The Wire FEBRUARY 2010 - by Sam Davies


As Geeta Dayal puts it early in this book, Brian Eno's Another Green World is "a storied record nearly thirty-five years old, with the whole weight of history attached to it." What, then, can Dayal say about the record that is new? One way is to pack an improbable amount of research into such a limited word count: tracking down archival interviews with Eno, any books or films he may have been reading or watching at the time, and interviewing his collaborators.

All of which Dayal does, but really her answer is to focus on the process: her own as much as Eno's. So the book (after several more straightforward drafts were completed and discarded) is structured by Oblique Strategies, the set of elliptical instructions devised by Eno to be drawn at random when aesthetic impasse or blockage threatens. The result avoids two of the more prosaic patterns for this Continuum 33⅓ series: the stolid chronological trudge through the album's making or through its track-listing. Instead Dayal's focus leaps from angle to angle, digresses from its nominal subject to discuss cybernetics, Stanley Kubrick, Cornelius Cardew or Morse Peckham, and loops back on itself, accepting chance developments much as Eno decided to in setting up and tending his musical micro-ecologies.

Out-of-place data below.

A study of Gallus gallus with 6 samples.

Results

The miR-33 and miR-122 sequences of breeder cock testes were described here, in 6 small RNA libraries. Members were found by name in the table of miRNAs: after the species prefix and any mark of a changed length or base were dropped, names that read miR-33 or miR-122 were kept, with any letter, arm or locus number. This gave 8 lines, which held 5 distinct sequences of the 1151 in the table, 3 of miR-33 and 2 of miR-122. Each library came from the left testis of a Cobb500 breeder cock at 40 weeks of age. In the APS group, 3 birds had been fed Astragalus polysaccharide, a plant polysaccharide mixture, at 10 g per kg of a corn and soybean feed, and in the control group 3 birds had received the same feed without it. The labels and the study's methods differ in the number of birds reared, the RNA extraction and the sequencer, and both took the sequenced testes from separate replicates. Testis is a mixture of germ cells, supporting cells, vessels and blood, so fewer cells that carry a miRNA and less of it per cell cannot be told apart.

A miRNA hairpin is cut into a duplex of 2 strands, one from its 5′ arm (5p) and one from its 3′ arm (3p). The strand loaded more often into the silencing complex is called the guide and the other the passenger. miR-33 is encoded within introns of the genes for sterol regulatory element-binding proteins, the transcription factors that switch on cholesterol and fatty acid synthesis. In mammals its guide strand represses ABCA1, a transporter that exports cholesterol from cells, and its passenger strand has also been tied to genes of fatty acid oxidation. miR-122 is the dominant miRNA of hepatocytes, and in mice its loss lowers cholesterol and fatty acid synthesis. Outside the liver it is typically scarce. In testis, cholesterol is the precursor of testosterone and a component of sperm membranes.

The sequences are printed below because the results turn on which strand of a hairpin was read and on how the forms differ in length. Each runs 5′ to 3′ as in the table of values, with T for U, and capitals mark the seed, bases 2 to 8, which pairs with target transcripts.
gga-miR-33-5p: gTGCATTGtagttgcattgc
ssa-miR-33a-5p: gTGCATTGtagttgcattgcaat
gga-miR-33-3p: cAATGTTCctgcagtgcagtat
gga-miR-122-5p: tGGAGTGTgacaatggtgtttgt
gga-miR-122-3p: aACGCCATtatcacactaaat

In the middle of the book, for instance, a chapter seems to begin (reasonably enough) with a brief sketch of the pop music context in which Another Green World was made and released in 1975. This synchronic cross-section of musical history extends through the chapter until Dayal has reached its end, with barely a mention of the album itself. Yet despite this, the contours of Another Green World are paradoxically thrown into sharper relief by the chapter: the roll-call of Led Zeppelin, The Stylistics, The Bay City Rollers, Kraftwerk, King Tubby, Parliament, ABBA, The Ramones, Donna Summer and Giorgio Moroder and more ends up outlining the album in negative for the reader.

In fact, Brian Eno's 1975 would be a more accurate title for the book, as Dayal tweaks away at so many connections in the web of Eno's thinking that she ends up making an implicit argument for the year as his annus mirabilis. The same year produced Evening Star with Robert Fripp, the Oblique Strategies cards and Discreet Music - which gets two chapters of its own, discussing its recording techniques and its significance as the seed for so much of his subsequent Ambient work (beyond the brief tone poems of Another Green World).

One problem Dayal can't solve is the book's brevity. As a study of Another Green World it's impressively holistic, hungry to catalogue every possible point of departure for thinking about the record; but at the same time these can often only be signposted in passing. Sections of cybernetics and Cardew in particular frustrate, as, like big ships in dark water, you sense there is a vast amount of information under the waterline, unavailable to the reader. But these frustrations aside, this is still the best short introduction to Eno's work and ethos going.